What Science and Politics Have in Common

In the mid twentieth century, Thomas S. Kuhn wrote his landmark The Structure of Scientific Revolutions. He talked about how science changes. Not in the neat and orderly way we might think it should. If something is proven, then everyone should accept the facts, right?

Wrong. What Kuhn noticed is that the first response to a change in scientific fact is that it just gets ignored. Yawn. Ho-hum. Huh?

Yeah, if this new way of looking at things keeps being discussed and more evidence piles up, then it gets noticed. Not accepted, though. The second step is the new idea gets attacked and ridiculed. Pseudo-science. Cranks.

If the new idea persists, then all of a sudden there’s what Kuhn called a paradigm shift. Everyone accepts the new way of looking at things. They say, “We knew that all along.” Of course, there are a few holdouts. They’re now called cranks.

Maddening? Yes, but we’re emotional creatures as much as we want to say we’re rational. That we accept the facts.

Politics is the same. Take Occupy Wall Street. First, it was ignored. What protesters? We don’t see any protesters.

Then it was ridiculed. Look at those worthless, dirty hippies all out there acting ridiculous and having too much fun. They don’t even know what they’re protesting.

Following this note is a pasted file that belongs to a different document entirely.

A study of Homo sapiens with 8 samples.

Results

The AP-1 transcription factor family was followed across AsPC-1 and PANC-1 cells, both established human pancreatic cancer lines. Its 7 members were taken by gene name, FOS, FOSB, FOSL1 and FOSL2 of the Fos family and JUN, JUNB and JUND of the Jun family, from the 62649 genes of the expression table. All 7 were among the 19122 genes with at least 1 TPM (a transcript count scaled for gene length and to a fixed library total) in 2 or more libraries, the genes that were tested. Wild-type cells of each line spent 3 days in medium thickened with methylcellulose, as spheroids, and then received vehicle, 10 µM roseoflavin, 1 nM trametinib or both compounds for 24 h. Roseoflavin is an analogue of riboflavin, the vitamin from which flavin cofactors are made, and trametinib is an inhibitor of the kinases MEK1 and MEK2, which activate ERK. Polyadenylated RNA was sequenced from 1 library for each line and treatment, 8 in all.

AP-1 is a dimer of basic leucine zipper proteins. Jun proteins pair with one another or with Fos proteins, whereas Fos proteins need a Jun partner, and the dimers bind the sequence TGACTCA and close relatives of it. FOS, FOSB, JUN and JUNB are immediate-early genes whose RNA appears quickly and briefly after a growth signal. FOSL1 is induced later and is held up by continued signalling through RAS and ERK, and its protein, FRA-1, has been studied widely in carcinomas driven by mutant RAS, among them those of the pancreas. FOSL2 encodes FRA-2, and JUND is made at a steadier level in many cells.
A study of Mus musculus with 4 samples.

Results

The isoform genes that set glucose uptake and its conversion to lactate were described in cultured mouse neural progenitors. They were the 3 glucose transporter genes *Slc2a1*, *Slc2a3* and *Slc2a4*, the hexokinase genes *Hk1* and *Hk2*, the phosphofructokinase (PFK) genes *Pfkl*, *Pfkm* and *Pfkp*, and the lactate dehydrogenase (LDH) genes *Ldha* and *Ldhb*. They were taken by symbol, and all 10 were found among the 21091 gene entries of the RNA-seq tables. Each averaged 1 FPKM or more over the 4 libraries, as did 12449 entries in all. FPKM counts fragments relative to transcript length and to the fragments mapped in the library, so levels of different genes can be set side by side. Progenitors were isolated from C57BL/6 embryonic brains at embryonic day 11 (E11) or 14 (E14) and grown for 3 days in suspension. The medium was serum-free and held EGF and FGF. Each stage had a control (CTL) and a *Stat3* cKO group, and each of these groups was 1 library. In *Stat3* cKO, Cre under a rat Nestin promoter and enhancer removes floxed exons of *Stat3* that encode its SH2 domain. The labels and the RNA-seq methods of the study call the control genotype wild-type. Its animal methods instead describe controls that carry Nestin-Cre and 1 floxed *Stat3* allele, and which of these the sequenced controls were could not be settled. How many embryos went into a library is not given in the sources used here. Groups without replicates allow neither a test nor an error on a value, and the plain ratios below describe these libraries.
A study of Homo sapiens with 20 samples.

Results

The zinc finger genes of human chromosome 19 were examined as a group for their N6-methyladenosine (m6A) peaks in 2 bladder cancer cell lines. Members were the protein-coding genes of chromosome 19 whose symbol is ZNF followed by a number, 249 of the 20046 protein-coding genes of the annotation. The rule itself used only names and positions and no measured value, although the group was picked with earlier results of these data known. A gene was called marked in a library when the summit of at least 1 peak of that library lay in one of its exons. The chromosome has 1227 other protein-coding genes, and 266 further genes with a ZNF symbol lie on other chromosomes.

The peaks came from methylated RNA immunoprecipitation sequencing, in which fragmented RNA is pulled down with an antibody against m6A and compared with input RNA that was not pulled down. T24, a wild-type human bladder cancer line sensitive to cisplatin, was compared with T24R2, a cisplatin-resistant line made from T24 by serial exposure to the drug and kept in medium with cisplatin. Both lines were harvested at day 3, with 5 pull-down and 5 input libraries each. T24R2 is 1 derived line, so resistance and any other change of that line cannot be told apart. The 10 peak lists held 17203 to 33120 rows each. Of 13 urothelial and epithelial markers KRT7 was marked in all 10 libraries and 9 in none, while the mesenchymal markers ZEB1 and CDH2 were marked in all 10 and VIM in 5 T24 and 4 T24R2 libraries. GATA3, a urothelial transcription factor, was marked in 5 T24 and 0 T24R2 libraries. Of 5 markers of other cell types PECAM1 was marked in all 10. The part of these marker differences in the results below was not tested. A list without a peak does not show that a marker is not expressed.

Now it’s being attacked. Check this out. And you know what, Peter King is right. We’re back.


Award-winning author Theresa Crater brings ancient temples, lost civilizations and secret societies back to life in her visionary fiction. In The Star Family, a Gothic mansion holds a secret spiritual group and a 400-year-old ritual that must be completed to save the day. The shadow government search for ancient Atlantean weapons in the fabled Hall of Records in Under the Stone Paw and fight to control ancient crystals sunk beneath the sea in Beneath the Hallowed Hill. Her short stories explore ancient myth brought into the present day. The most recent include “The Judgment of Osiris” and “Bringing the Waters.” Theresa has also published poetry and a baker’s dozen of literary criticism. Currently, she teaches writing and British lit in Denver.